Contributed by: Abshar Faheem
Infertility refers to a condition when you are not able to get pregnant after one year of trying. In other words, It is often described as not conceiving a baby after 12 months of regular sexual intercourse or unprotected sex without the use of birth control. For couples who are heterosexual, infertility can be diagnosed at least after 12 months or sooner depending upon other factors.
A woman who had at least one successful pregnancy in the past can also be diagnosed with secondary infertility. The cause of infertility may not always be due to female problems, it can also be due to male problems and other factors. In simple terms, Both Men and women are equally likely to have infertility problems.
When the cause of infertility is found to come from the female partner, it is known as female infertility. Infertility is a common condition that has been found in at least 10 percent of women and the possibilities of infertility rise with age.
There are a variety of causes and factors of female infertility that make it difficult for experts to find the exact cause behind it. Some couples may have unexplained infertility or multifactorial infertility. The possible causes of female infertility may include
- Uterine trouble
- Problems with the fallopian tubes
- Ovulation disorder
- problems with egg number and quality
- Hormonal problems
- Cervical issues
- Pelvic inflammatory disease
- Premature ovarian failure
- Scarring from previous surgery
- Polycystic ovary syndrome
- Thyroid problems
- Chronic conditions such as AID, tumor, or cancer
- Abnormal menstrual cycle
Risk factors of female infertility
Several circumstances can enhance a woman’s risk of female infertility. General health conditions, lifestyle choices, and age can all contribute to female infertility. Specific factors can include:
- Obesity or overweight
- Eating disorders
- Exposure to some chemicals
- Mental stress
Treatment for female infertility
The treatment of female infertility varies on different factors including the age of the person, how long infertility has lasted, personal preferences, and general state of health. The treatment of female infertility includes certain blood tests, examination of the pelvic area, ultrasound, surgery, medications, or reproductive assistance. Your doctor may advise you to have frequent sexual intercourse or unprotected sex around the time of ovulation.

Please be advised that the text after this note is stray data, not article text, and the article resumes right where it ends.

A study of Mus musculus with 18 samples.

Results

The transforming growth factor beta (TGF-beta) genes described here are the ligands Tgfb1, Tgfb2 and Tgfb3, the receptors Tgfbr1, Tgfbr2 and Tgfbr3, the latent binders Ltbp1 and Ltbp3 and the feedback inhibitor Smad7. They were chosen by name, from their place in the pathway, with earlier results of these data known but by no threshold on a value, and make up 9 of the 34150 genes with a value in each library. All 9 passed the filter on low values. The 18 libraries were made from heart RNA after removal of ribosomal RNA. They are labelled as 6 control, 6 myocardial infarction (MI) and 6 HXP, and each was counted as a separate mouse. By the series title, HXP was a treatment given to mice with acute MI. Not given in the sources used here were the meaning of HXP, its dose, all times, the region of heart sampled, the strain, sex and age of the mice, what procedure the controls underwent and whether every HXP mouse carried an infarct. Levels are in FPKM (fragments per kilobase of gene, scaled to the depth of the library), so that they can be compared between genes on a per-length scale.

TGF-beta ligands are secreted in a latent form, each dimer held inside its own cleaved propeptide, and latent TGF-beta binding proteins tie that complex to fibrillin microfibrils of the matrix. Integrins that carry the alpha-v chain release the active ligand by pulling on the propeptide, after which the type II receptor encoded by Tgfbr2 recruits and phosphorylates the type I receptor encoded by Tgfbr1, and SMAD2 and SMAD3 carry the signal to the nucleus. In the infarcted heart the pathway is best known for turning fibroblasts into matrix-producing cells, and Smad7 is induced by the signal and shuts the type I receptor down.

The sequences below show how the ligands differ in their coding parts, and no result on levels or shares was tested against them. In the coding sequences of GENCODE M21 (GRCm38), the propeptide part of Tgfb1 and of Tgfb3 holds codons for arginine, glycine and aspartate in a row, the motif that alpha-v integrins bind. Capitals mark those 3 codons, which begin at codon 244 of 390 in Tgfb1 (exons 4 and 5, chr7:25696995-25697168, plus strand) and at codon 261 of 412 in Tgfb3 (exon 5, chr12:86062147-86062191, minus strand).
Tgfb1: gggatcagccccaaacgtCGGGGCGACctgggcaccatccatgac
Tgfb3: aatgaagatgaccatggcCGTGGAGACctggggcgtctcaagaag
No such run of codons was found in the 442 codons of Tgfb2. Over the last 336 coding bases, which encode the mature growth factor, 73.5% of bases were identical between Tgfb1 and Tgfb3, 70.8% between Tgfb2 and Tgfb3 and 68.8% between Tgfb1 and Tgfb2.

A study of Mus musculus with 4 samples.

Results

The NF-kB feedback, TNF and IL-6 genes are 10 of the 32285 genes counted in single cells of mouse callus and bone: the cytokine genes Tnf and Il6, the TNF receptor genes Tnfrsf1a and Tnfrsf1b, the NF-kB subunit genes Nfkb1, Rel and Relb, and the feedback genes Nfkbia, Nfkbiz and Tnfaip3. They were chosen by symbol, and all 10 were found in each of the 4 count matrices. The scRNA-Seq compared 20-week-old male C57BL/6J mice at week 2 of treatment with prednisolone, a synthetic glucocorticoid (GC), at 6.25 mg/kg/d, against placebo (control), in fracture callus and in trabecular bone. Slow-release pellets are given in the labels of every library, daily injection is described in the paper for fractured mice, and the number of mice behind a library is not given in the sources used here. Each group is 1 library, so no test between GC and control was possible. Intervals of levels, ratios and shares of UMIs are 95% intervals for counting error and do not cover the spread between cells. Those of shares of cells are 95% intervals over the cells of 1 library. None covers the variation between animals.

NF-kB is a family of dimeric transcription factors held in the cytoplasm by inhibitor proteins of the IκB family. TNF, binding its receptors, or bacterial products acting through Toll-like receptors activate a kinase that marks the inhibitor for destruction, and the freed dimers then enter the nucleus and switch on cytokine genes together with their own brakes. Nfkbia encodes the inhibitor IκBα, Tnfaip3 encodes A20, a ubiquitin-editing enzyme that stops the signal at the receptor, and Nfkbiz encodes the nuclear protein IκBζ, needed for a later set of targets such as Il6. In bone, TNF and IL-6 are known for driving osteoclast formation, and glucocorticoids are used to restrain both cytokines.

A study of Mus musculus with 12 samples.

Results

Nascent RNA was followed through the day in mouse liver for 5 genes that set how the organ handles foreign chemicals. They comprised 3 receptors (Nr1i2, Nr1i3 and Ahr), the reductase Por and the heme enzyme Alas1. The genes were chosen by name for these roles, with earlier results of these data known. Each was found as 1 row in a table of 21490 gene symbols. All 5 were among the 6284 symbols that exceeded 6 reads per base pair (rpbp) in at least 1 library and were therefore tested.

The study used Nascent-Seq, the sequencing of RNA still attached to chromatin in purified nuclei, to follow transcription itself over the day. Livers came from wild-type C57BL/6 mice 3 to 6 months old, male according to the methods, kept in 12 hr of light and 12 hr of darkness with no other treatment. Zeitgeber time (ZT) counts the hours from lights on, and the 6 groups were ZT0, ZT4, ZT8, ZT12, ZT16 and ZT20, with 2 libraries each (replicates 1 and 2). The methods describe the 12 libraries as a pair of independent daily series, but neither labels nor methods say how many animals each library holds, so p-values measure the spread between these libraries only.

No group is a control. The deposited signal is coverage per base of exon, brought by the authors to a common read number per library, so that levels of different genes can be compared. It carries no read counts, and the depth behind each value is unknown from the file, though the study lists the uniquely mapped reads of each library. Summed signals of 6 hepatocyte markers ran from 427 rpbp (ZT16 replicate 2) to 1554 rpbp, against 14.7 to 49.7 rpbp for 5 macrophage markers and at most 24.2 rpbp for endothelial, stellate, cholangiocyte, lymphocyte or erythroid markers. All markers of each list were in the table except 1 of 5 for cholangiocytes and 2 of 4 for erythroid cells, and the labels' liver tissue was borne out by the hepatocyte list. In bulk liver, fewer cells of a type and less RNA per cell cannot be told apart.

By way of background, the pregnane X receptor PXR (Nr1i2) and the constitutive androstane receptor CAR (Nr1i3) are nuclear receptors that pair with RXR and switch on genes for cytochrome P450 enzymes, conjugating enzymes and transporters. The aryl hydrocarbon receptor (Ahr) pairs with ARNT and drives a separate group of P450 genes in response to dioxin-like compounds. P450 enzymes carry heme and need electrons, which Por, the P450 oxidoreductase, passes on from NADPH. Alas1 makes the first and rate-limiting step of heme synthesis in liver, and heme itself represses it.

The doctor may provide you certain medications to regulate or induce ovulation. In addition, Natural treatments may also help you such as acupuncture, yoga, various vitamins (C & E) and minerals ( iron and zinc), Tea, essential oils, and a fertility diet.
A fertility diet may help to improve infertility caused by ovulation disorder. However, a fertility diet may not help with infertility conditions caused by blocking in the fallopian tubes or uterine fibroids. Some fertility boosting food items include
- Fiber-rich foods like vegetables and whole grains
- Eat a bigger breakfast
- Swap animal proteins with vegetable protein sources such as beans, nuts, and seeds
- Reduce caffeine
- Eat foods rich in antioxidants such as walnuts, fruits, vegetables, grains, strawberries, and blueberries.
- Avoid excess alcohol
- Avoiding refined carbs that have plenty of sugar such as white flour, white bread, white rice, pastries, sodas, and sweets
- Avoiding trans fats such as cakes, cookies, frozen pizza, french fries, doughnuts, fried chicken, and microwave popcorn.
- High-fat dairy like whole milk, cream for coffee and butter and replace with low-fat products like skim milk, nonfat milk, and low- fat yogurt
The bottom line
Good nutrition can help you to maintain a healthy body and reproductive system that may help you get pregnant. Consuming a nutritious diet and obtaining positive lifestyle changes can assist boost fertility and prepare your body for pregnancy. In addition, it’s really helpful to you all around. If you are working hard to get pregnant, you must start making healthy nutrition and lifestyle choices today. But don’t let stress and worry get you down. Talk to your healthcare team to find the best choices for you.